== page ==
Only eight unis actually knew how many were leaving because of poor mental health

10 times more students are dropping out of uni because of their mental health, compared to just three years ago.

Across eight universities, there was a 1000 per cent increase in students permanently withdrawing for poor mental health since the 2015/16 academic year, a VICE investigation has found.

Only eight of the 70 universities VICE asked even knew how many students were dropping out for mental health reasons.

Most universities weren't able to provide the data. Some said they noted when people left for "health" or "personal reasons", whilst others said the information was too costly to extract from personal files.

For those that did, the figures are shocking. Brunel saw only one person leave for mental health reasons in 2015/16, but 38 in 2018/19 – a 3,700 per cent increase. At Bristol, 42 students dropping out in 2015/16 shot up to 93 in 2018/19.

It shines further light on the often patchy ways unis keep mental health records. Data collected by Lib Dem MP Norman Lamb showed that, whilst some universities make students wait over a month for mental health care, a third weren't able to provide information on average waiting times.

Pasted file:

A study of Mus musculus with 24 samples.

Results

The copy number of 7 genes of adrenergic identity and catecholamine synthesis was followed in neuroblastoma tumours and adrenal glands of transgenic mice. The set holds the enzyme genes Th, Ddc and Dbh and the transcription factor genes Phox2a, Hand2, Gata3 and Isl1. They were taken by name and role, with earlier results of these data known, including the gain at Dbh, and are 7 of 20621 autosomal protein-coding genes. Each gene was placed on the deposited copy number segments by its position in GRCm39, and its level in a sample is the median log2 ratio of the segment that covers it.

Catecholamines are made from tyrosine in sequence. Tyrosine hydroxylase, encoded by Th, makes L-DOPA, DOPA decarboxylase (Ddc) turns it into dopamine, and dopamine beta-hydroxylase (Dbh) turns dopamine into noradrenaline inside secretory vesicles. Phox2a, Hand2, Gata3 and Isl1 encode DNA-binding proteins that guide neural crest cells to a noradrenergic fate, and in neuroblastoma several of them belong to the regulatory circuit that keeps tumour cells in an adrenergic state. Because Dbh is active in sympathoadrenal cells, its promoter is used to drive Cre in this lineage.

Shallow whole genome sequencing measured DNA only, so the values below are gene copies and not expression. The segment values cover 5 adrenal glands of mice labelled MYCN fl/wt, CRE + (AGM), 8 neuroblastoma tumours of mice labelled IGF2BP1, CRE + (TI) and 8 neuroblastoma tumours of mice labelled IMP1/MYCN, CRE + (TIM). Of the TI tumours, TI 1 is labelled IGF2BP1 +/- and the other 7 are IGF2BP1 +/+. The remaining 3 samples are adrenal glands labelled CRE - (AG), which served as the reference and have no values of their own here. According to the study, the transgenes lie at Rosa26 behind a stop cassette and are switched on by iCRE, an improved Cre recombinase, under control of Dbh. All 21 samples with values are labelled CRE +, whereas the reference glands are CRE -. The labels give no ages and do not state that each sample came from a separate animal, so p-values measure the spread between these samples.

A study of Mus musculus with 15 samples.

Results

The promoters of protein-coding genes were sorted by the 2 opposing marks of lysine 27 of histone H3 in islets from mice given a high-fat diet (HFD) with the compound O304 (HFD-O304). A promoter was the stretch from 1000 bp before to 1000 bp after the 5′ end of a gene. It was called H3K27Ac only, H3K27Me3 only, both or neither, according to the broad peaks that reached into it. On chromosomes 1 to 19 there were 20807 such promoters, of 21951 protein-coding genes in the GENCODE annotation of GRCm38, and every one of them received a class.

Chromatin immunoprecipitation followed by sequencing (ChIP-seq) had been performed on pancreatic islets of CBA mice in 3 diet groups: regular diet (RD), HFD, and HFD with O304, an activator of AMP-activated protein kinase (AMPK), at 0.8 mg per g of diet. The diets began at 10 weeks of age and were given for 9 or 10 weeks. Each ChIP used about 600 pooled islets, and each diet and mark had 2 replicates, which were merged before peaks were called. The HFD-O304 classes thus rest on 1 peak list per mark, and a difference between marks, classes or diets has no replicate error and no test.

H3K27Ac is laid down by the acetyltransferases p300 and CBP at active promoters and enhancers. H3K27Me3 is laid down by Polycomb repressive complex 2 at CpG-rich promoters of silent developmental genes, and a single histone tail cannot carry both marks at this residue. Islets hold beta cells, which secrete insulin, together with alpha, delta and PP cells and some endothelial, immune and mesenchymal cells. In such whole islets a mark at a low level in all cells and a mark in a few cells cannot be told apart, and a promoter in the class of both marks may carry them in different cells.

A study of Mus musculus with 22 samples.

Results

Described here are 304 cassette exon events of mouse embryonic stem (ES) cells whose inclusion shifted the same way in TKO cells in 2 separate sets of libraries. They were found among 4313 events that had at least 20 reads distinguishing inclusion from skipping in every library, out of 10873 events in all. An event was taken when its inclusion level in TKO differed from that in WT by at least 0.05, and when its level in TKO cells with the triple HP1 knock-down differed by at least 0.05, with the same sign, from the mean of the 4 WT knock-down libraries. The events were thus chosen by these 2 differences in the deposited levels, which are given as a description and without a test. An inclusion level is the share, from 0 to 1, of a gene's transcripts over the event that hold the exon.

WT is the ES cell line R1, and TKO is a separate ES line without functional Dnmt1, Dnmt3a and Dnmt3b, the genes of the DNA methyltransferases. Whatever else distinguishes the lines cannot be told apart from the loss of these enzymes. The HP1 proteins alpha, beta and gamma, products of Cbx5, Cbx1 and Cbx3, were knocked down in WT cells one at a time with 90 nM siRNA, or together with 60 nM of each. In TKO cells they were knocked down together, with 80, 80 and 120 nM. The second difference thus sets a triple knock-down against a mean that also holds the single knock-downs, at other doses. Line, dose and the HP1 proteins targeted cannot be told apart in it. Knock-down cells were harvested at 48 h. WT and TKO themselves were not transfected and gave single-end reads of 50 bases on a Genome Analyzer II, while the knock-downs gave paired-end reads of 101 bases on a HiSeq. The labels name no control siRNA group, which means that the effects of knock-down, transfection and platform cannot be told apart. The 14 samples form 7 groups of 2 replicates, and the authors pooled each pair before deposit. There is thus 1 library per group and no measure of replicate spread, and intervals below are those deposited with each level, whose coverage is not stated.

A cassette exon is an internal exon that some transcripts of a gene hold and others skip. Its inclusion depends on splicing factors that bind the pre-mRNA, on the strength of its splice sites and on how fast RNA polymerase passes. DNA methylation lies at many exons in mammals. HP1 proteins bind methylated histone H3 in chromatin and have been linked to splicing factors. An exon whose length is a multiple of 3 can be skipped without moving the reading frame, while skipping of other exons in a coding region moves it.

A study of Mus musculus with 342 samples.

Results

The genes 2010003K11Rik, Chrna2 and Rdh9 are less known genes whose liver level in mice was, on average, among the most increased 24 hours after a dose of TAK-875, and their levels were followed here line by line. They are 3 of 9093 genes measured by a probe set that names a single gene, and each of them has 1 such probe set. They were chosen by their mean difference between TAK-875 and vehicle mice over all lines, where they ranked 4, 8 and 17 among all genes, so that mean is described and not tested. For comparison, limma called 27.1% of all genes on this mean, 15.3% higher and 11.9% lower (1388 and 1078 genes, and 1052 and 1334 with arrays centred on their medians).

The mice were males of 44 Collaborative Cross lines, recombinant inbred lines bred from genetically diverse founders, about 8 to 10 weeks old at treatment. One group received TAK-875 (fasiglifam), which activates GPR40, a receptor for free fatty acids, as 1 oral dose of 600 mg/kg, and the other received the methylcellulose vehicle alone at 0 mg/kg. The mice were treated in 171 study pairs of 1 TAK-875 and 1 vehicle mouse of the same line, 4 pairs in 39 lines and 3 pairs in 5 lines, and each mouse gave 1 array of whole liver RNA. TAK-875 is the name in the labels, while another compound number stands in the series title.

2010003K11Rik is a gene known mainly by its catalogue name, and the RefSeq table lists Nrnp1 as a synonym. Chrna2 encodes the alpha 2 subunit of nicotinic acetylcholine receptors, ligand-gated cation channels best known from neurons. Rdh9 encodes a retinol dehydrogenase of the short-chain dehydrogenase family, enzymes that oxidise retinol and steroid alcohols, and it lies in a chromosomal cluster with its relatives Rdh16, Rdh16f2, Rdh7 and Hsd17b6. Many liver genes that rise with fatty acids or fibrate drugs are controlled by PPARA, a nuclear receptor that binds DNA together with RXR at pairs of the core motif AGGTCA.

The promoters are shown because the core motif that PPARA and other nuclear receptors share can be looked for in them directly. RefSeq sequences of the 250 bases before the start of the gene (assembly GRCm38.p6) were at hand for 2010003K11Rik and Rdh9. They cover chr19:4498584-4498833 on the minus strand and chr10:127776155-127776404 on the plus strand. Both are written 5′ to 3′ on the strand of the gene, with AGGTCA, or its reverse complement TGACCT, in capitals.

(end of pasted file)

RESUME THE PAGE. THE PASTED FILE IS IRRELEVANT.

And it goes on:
However, experts are split on whether unis should be keeping track of the figures on mental health dropouts.

"Whilst tracking student withdrawals due to mental health sounds helpful, there is a broad spectrum of mental health difficulties that can impact a students’ experience in a number of ways, so it may be hard to glean useful insights,” a spokesperson from HESA told VICE.

"Counselling service access numbers, which have gone up 20 percent year on year in many places, give a good indication of where services and support are needed, but drop out numbers would also add to that info and possibly help with planning to prevent issues reaching crisis point," Dr Dominique Thompson told VICE.